Measures of Watershed Capacity to Provide Ecosystem Services Can Inform Decisions about Land/Water Use

Wednesday, August 20, 2014: 10:50 AM
205B (Centre des congrès de Québec // Québec City Convention Centre)
Amy M. Villamagna , Fish and Wildlife Conservation, Virginia Tech, Blacksburg, VA
Paul L. Angermeier , Virginia Cooperative Fish and Wildlife Research Unit, U.S. Geological Survey and Virginia Tech, Blacksburg, VA
Beatriz Mogollon , Fish and Wildlife Conservation, Virginia Tech, Blacksburg, VA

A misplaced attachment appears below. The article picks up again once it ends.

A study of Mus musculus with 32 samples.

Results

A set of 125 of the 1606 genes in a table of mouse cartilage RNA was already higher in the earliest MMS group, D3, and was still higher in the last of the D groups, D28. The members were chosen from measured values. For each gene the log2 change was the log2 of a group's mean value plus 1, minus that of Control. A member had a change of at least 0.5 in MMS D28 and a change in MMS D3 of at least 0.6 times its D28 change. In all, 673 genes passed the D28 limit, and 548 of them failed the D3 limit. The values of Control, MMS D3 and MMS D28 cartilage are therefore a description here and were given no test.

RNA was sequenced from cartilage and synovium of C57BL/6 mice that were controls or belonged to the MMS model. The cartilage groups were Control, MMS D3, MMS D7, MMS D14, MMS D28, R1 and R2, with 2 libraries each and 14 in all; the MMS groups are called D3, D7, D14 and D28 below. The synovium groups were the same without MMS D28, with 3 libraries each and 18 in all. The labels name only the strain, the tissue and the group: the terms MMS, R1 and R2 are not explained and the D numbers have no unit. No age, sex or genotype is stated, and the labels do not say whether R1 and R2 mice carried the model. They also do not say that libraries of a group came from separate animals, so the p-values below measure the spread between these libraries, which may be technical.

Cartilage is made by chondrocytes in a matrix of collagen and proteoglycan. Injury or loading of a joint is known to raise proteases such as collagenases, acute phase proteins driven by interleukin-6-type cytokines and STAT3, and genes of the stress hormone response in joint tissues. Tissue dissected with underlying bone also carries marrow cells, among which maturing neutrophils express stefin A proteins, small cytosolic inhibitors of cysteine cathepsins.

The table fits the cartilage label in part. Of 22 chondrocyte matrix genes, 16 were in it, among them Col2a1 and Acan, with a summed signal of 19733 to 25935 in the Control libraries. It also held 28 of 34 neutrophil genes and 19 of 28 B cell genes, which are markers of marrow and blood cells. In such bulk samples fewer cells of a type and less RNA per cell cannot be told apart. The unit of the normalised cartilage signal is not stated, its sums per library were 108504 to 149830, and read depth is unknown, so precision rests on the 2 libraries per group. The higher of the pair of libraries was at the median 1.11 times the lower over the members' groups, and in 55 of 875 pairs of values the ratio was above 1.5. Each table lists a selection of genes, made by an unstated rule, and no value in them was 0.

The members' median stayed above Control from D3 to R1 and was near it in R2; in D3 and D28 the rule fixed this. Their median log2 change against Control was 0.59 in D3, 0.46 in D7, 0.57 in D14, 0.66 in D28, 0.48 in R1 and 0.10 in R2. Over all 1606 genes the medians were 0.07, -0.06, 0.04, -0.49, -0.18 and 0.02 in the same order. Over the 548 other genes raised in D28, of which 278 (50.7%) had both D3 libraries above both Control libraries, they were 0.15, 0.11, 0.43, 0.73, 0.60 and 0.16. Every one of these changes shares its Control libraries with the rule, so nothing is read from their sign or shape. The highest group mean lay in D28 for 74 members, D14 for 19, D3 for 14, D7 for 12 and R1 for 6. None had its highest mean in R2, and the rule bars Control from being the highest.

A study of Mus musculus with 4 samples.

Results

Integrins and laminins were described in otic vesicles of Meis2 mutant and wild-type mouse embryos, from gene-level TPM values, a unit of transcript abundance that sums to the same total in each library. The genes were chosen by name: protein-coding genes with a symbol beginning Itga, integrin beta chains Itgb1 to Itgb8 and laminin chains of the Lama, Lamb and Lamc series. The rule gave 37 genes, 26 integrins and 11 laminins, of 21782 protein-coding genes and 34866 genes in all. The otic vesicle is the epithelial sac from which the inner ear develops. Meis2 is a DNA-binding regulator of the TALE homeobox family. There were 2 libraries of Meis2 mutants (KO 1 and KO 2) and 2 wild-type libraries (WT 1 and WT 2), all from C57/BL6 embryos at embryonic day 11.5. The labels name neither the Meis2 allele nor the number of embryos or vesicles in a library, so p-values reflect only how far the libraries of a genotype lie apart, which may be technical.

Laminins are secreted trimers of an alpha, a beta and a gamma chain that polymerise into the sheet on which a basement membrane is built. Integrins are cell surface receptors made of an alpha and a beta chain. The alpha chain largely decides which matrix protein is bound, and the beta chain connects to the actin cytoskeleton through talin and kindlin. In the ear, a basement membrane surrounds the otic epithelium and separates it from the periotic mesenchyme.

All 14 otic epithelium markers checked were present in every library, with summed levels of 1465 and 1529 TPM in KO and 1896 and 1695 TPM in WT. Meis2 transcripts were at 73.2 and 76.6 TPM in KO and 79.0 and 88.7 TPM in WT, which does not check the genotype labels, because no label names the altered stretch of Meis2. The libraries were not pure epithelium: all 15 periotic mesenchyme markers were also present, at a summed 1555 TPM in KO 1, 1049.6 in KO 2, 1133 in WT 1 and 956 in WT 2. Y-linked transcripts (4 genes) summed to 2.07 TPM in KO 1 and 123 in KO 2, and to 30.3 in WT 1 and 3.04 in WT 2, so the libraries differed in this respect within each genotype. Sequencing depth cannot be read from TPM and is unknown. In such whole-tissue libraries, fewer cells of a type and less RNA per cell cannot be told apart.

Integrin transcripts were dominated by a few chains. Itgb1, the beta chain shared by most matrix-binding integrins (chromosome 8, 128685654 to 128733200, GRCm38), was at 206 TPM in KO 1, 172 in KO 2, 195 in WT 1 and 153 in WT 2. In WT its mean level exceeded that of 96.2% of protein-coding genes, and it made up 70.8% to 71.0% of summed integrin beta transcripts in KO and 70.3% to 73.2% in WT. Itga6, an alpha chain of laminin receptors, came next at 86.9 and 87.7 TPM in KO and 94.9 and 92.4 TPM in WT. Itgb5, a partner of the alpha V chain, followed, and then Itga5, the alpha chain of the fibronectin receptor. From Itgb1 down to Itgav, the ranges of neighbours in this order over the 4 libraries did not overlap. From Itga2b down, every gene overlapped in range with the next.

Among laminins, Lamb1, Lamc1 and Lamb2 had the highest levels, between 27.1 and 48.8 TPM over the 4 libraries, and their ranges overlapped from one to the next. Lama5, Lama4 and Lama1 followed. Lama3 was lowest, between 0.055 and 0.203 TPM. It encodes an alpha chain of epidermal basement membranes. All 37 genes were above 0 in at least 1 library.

Ecosystem services (ES) offer an insightful framework for identifying tradeoffs in alternative solutions to environmental problems. Key components of ES delivery include an ecosystem’s capacity to provide a service, public demand for that service, and the flow of the service to beneficiaries. Each component often can be mapped with existing data, at various spatial scales (eg, watershed, state, nation) germane to management questions. ES capacities comprise biophysical, social, and technological components, which vary across services. Delivery of cultural services (eg, recreational fishing) depends on certain provisioning (eg, water supply), regulating (eg, water purification), and supporting (eg, habitat maintenance) services. We illustrate the development of capacity maps for ES such as freshwater recreational fishing, surface water supply, regulation of sediment loading, and regulation of riverine flooding. We also show how capacity maps can be linked to maps of ES beneficiaries to illustrate either current patterns of service demand and flow or projected patterns in plausible futures. In both cases, such maps elucidate the tradeoffs, among ES and among stakeholders, associated with natural or anthropogenic variation in land/water use and help highlight synergies among inland fishery managers, watershed managers, and land use planners.